Naida Glavish writes on what the Whanau Ora initiative means to all stakeholders
The Whanau Ora policy has the potential to be one of the most forward thinking initiatives by any New Zealand government for generations.
New Zealand has a reputation for being a testing ground, a population of early adopters of everything from the welfare policies of Michael Joseph Savage in the 1930s to our hunger for new technologies such as cellphones and texting in the 1990s.
In fact we've been a testing ground for millennia, since my Ngati Whatua ancestors voyaged across Te Moana Nui a Kiwa (the Pacific Ocean) to experiment with a new life in Aotearoa.
Industries like the music business launch new tours and the latest CDs in New Zealand because it is a microcosm of the large Western nations of Europe and the US and a good place to trial something new. We are courageous and innovative as a people and have long punched above our weight when it comes to trying out new ideas.
Our Treaty settlement processes have been watched and admired by indigenous people and government leaders around the world, as developed and developing nations seek to put right the ravages of colonisation and the industrial era that stripped many of their mana, their culture and their resources.
Now, New Zealand again has the opportunity to lead the world with Whanau Ora, that if adequately funded and supported, could significantly impact the well-being, not only of Maori, but of all those in our society who turn up on the radar as negative statistics in terms of health, wealth and lifestyle.
Whanau Ora is an enlightened policy for our times because it is time for reintegration in society, where we seek holistic outcomes to ensure we are healthy in every sense of the word; healthy in mind, body and spirit.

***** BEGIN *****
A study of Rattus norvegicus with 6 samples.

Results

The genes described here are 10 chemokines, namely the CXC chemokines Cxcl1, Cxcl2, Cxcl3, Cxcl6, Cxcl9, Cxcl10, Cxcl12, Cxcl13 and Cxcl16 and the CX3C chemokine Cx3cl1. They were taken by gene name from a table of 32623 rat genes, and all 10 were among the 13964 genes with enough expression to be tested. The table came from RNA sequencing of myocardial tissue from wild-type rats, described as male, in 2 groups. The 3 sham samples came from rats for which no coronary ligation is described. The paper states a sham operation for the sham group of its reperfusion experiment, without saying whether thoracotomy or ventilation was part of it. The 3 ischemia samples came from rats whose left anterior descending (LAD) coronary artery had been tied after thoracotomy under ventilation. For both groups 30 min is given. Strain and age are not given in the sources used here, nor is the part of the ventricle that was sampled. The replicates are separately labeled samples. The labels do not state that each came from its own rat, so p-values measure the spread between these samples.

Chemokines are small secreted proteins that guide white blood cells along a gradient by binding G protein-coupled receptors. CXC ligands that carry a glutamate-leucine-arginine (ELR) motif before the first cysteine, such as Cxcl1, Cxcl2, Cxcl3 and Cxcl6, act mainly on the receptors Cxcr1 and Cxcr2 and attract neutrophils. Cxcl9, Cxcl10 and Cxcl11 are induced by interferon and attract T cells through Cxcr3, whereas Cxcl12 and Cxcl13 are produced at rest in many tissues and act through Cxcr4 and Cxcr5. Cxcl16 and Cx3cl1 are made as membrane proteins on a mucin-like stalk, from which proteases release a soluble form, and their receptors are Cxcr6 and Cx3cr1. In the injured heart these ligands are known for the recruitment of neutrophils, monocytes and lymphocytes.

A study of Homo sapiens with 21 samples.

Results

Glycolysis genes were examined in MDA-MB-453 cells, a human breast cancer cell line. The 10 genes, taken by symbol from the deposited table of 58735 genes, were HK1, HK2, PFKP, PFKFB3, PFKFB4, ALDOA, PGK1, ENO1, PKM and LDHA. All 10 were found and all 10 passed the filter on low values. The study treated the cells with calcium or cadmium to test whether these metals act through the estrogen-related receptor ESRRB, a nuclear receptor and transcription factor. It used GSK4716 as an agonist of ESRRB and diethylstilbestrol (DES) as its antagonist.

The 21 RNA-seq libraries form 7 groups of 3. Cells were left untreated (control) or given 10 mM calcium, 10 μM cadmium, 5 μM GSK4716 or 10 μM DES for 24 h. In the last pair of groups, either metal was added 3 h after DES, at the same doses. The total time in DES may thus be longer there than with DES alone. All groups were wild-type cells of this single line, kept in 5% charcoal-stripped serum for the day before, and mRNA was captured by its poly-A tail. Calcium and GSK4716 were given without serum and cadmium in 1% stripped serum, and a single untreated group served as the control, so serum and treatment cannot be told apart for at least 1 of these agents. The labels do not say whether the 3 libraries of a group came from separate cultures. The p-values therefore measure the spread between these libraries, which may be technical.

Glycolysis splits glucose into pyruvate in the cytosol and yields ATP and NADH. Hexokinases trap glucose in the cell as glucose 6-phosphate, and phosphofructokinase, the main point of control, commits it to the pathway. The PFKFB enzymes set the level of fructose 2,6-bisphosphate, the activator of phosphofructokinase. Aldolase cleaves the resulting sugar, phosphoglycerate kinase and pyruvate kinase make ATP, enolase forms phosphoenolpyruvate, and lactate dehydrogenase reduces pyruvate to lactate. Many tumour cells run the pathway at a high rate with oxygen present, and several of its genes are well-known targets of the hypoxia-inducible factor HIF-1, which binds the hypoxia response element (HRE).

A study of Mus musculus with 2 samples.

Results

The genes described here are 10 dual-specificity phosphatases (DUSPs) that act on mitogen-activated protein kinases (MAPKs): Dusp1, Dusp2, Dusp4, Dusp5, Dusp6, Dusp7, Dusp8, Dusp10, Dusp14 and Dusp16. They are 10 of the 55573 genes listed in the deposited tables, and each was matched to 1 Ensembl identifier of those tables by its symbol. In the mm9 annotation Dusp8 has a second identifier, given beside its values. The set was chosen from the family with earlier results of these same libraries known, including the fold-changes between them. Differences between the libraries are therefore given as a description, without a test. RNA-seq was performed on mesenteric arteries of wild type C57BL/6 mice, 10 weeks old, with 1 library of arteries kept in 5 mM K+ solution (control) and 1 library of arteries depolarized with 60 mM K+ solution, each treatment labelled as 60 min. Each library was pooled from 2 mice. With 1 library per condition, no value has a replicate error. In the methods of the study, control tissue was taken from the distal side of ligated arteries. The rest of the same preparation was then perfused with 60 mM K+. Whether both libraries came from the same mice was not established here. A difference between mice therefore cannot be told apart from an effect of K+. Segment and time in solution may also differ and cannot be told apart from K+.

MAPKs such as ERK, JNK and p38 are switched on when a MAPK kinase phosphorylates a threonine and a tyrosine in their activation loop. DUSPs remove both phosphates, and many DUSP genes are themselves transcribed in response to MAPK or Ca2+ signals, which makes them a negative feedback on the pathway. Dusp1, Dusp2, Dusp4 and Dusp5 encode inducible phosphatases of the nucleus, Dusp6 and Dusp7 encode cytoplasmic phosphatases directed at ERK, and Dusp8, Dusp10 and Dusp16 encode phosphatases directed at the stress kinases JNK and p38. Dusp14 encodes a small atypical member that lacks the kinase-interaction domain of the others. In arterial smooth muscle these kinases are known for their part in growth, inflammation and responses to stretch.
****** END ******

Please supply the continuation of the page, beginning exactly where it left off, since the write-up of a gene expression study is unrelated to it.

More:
Humanity, in its huge advances in technology and knowledge, has also created suffering; the breakdown of community, of family, alienation and loneliness.
We seem to find new illnesses almost daily; strange allergies, confusing mental sicknesses and viruses. Whanau Ora, in its holistic approach, provides an opportunity to turn the tide on this disintegration of our society, of our health and well-being.
Whanau Ora can be something, not to be viewed negatively as some sort of "iwi money grab", but as a solutions-focused approach to a wide range of issues facing Ngati Whatua and all iwi that include justice, housing, social welfare, health and education.
Whanau Ora is very simple. A basic translation of Whanau and Ora, is family and health. But as with many Maori words there are many depths and dimensions to these two words. They are concepts, holistic concepts.
Whanua, as family, is not only about the extended family, but a family's ancestors, and those not yet born.
Maori families have lost track of the natural order and hierarchies of their whanau. The restoration of this will enable us to achieve "ora", health and well-being physically, mentally and spiritually.
The way to this restoration and reintegration is to develop one-stop shops where the wide range of issues I have mentioned are treated as one whole, and we end the dependence lifestyle where Maori trundle from government department to government department failing to get any resolution or solution to their needs.
This will also end the huge waste of time and money that has failed to impact on the negative statistics.
Whanau Ora has the potential to restore three critical values that are the very essence of life for iwi such as Ngati Whatua - mana, manaakitanga and kaitiakitanga.
Mana is familiar to many in Western society and is often translated as pride. Manaakitanga can be translated as being of service to others, thinking of others ahead of one's self, and kaitiakitanga is often described as guardianship of the environment.
These concepts almost uncannily match the concepts of sustainability; a balance of economic, social and environmental development.
Our providers of goods and services, and those tasked with improving our economic, social and environmental performance could learn a lot from the holistic model of Whanau Ora as it develops, and of the sacred and powerful concepts of mana, manaakitanga and kaitiakitanga.
The world desperately needs a new way forward to survive the major challenges of our times. Perhaps the answers lie in some of our most ancient ideas and cultures that used these structures for living successfully for many thousands of years.
In fact far longer than the economic and societal political and legal structures we use today, that are only several hundred years old and are failing.